Councillors lock horns over water donation to sports club
Southern Downs councillors have locked horns over a proposal to allocate millions of litres of water to a Warwick sporting organisation in the lead-up to a major event.
The Warwick Polocrosse Club lodged a request with Southern Downs Regional Council for 5ML of raw water to water the fields at their Morgan Park facility, ahead of the Barastoc Interstate Series in April.
Presented to the council at last Wednesday’s ordinary meeting, the proposal indicated SDRC would give the organisation a 50 per cent discount due to the competition’s anticipated tourism boost.
The water would be taken from Connolly Dam at an approximate cost of $500 per megalitre, and only if the Polocrosse Club required it.
Councillor Cameron Gow was one of the most vocal in favour of the request, contending the tourism benefits would outweigh any costs of the water.
“If Warwick Polocrosse can’t access this water, it’s potentially another event cancelled so people won’t visit our region, which flows onto our tourism operators,” Cr Gow said.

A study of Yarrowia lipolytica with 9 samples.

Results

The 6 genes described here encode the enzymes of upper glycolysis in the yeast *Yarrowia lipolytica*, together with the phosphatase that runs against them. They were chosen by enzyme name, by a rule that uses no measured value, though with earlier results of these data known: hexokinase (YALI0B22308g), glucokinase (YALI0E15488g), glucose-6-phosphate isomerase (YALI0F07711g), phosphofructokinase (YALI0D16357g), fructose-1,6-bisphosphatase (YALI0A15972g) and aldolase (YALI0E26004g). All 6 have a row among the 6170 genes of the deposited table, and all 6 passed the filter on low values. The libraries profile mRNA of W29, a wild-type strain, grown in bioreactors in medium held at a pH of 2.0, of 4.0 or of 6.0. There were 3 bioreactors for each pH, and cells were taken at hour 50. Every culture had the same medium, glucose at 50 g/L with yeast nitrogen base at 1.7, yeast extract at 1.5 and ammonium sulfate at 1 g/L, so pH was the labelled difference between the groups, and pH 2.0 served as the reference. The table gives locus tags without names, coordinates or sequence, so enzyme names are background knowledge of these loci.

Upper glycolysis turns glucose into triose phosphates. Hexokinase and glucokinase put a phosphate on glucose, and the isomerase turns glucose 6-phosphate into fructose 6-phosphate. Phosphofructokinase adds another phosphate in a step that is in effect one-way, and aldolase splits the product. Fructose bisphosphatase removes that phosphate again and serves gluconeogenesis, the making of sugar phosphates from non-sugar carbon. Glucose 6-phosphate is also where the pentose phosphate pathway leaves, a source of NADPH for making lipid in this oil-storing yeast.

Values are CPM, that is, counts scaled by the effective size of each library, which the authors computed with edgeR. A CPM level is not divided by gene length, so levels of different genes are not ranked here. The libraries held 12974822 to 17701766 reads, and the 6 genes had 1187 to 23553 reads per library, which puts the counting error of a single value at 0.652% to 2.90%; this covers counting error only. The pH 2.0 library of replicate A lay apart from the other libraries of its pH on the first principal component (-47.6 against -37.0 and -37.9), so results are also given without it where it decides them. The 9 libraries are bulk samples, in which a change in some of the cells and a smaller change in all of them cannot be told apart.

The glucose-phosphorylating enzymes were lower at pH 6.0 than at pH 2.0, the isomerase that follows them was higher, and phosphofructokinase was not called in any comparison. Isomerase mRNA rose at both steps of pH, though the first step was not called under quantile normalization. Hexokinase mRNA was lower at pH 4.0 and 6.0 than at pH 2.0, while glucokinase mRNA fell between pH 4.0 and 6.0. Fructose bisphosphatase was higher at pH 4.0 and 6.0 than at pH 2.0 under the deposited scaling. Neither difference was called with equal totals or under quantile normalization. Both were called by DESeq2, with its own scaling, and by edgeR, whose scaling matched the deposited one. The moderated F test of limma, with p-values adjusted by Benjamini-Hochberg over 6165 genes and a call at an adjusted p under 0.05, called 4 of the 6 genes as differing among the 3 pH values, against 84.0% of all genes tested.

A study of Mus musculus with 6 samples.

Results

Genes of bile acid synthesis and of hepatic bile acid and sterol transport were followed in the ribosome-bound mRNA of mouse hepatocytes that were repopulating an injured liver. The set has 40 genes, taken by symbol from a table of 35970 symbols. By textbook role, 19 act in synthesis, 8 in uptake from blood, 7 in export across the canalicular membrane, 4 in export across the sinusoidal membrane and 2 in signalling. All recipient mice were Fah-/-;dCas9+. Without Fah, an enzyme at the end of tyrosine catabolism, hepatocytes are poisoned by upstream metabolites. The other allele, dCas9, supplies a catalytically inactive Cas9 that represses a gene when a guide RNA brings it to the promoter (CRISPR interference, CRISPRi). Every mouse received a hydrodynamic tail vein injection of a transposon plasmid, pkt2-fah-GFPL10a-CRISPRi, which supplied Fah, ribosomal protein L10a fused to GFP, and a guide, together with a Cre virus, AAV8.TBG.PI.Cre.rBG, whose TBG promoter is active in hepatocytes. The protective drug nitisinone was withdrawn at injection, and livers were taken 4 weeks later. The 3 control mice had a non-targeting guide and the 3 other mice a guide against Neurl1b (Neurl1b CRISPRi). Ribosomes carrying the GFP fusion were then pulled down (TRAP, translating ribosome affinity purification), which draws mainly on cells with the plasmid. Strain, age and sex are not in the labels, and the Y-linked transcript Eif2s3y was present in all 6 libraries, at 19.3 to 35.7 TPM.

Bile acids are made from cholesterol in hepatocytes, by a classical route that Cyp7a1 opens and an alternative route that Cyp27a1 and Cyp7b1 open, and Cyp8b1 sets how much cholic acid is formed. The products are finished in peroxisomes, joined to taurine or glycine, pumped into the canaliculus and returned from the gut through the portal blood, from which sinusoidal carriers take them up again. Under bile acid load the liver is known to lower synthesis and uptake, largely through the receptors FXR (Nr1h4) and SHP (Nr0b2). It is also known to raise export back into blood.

He was met with fierce opposition by councillors Andrew Gale, Ross Bartley, and Stephen Tancred, who all agreed the region’s drought status was too “desperate” to offer extra water to a sporting organisation.
“I cannot, in the current dire circumstances we find ourselves, to allow the use of any water that is capable of being treated to a drinking standard to be utilised for watering grass,” Cr Gale agreed.
Mayor Vic Pennisi also vouched for the water allocation, but urged council staff to also prioritise extending a direct effluent water supply to the Morgan Park facility.
The request was eventually approved with opposition from Cr Gale, Bartley, and Tancred.
The decision came as a relief for Polocrosse Club president Les Fraser, who said a refusal combined with a potential dry season could have seen the event cancelled.
“We appreciate the position the council is in. We applied for 10ML and they came back to us and said we can have 5ML, which will give us the chance if it does set in dry – we hope it doesn’t but it isn’t looking good,” Mr Fraser said.
“We’d have had to make a decision in the next four to six weeks about whether it would go ahead, for animal welfare and spectators.
“I’ve said all the time that the likes of Warwick we need to have events here to prop up our tourism industry. The polocrosse, Jumpers and Jazz, the Warwick Show, the rodeo – we need events and they all add up.”